If Apple is the new IBM, then Google is the new Microsoft?

Google Search, Google Ads, Google Phones, Google Browser, Google Netbooks, Google Tablets, Google TVs, then what?

Vic Gundotra, vice president of engineering for Google, suggested during Google I/O conference that Google’s entrance into the mobile phone market was a move meant to directly oppose the likes of Apple and its tightly controlled iPhone platform.

“If Google did not act, we faced a Draconian future where one man, one company, one device, one carrier would be our only choice,” Gundotra said. “That’s a future we don’t want.”

Really? Or the future Google doesn’t want is one in which they don’t control the ad networks fully? Aren’t they entering every market in which advertising is a crucial part of the picture?

Gundotra’s story earned applause from the crowd as a black-and-white image reading “Not the Future We Want” and “1984” was displayed — clearly referencing Apple’s Ridley Scott-directed “1984” advertisement, which aired during the third quarter of Super Bowl XVII on Jan. 22, 1984 — without specifically naming the iPhone maker.

If Apple is the new IBM, then Google is the new Microsoft?
Google is following Apple every step of the way even since the iPhone introduction, and in some cases preceding it as if the search giant was well aware of Apple’s strategy.

That is actually a fact since Google CEO Eric Schmidt resigned from the Apple Board of Directors no earlier then last summer, as both companies continued to enter the same markets… Just like Bill Gates had early access to the Macintosh prototypes, Schmidt had supposedly access to Apple’s plans for the next 5 years or so.

The removal of Schmidt from Apple Board of Directors was seen as necessary as Google and Apple now compete in numerous markets in the technology sector: Google’s Android mobile operating system competes with Apple’s iPhone; both companies recently made large mobile advertising acquisitions; Google’s forthcoming Chrome OS will see the company enter the traditional PC space; and the Chrome browser competes with Apple’s Safari.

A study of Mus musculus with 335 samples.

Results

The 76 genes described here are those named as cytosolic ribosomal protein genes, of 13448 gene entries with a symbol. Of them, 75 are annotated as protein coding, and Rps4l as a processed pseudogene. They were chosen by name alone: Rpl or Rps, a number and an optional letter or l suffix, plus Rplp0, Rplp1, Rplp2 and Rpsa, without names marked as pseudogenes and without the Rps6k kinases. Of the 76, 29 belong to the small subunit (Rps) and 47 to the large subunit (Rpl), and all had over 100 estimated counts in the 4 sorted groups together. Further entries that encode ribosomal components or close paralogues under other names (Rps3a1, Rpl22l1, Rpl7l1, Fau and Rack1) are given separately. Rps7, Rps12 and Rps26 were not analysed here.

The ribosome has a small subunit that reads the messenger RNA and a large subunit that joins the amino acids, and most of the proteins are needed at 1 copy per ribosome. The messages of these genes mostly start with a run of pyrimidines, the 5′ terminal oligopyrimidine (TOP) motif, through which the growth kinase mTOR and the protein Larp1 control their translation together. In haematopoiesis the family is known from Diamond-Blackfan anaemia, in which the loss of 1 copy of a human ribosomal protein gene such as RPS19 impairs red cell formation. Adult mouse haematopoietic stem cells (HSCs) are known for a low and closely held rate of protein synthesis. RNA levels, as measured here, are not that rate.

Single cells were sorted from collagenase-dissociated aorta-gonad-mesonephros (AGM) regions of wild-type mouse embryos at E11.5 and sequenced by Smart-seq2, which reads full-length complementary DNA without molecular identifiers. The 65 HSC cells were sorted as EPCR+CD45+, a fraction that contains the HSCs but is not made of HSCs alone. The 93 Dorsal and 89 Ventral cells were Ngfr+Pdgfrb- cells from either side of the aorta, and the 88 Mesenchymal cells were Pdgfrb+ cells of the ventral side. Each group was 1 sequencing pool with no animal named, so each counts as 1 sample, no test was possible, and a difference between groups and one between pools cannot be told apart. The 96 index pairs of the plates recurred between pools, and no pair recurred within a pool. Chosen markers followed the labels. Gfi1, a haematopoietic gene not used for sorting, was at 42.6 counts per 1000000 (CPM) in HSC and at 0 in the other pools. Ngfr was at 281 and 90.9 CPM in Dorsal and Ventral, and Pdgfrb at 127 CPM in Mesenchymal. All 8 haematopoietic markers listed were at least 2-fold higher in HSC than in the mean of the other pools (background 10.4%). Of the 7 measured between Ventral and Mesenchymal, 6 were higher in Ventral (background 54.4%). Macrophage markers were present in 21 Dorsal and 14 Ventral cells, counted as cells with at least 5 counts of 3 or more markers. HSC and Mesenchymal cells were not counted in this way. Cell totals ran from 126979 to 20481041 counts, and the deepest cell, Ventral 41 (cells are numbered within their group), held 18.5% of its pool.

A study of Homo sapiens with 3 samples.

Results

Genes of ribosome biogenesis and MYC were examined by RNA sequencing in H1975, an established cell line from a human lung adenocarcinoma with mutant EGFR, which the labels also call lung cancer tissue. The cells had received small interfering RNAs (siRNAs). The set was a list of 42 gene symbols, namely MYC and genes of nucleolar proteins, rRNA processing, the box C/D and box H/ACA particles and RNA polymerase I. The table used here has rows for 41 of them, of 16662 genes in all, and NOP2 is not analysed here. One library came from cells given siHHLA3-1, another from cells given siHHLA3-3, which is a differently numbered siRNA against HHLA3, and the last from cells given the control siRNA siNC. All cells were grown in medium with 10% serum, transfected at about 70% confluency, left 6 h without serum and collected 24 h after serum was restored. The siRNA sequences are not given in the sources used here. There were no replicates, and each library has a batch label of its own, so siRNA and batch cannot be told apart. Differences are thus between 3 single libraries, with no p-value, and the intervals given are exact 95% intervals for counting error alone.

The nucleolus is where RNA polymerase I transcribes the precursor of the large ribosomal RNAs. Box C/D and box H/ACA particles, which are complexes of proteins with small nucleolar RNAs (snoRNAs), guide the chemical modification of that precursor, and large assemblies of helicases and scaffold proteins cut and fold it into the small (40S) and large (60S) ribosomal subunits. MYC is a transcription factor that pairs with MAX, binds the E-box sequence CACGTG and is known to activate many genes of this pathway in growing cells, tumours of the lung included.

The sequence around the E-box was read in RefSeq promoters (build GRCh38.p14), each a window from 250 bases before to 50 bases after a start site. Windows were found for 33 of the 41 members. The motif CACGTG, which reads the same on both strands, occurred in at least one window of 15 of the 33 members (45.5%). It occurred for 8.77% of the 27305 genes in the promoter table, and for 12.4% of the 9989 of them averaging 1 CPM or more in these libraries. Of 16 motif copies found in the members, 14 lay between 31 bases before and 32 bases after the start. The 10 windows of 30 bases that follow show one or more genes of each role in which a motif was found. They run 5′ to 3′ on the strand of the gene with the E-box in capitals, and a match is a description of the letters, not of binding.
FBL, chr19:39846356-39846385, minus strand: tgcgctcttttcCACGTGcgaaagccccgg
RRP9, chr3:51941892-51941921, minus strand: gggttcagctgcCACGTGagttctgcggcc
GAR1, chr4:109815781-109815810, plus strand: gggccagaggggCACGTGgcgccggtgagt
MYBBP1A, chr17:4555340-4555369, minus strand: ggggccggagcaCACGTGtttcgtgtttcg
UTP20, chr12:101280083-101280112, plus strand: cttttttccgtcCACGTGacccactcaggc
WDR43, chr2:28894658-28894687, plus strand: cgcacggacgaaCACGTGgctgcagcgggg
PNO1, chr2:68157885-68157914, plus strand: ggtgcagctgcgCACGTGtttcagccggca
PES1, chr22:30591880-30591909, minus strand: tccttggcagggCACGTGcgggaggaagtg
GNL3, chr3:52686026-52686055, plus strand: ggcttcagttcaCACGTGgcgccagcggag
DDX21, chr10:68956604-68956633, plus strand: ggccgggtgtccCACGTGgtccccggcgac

Of course this is pure speculation but can it really be just coincidence?

“We did not enter the search business. They entered the phone business,” Jobs reportedly said. “Make no mistake, Google wants to kill the iPhone. We won’t let them.”

However Apple did enter the advertising business with iAds, in direct competition with Google’s owned AdMob.

Despite the companies differences and the growing rivalry, Jobs was spotted having coffee in public with Schmidt back in March. The two were seen having a chat at a cafe in Palo Alto, Calif. Was Schmidt reassuring Apple’s CEO that Google’s real interest is in the advertising market?

This week, Google announced its entrance into the set-top-box arena, where Apple has been present for years with the Apple TV. Google TV aims to integrate both Web browsing and cable TV into one device running its Android operating system, and will arrive this fall.

In other words, Google is entering the largest market for advertising.

Too bad the Apple TV has been a “hobby” — in Steve Jobs words — for a very long time for Apple. Google might be doing what has been sitting in a drawer in Cupertino long before the first Apple TV was introduced, but Jobs never had the interest to build or invest into.

Will this move from Google wake up Apple that hobbies can’t stand the competition or will Apple give up on this one?

Sure thing, I would love to hear that chat the two guys had in that cafe.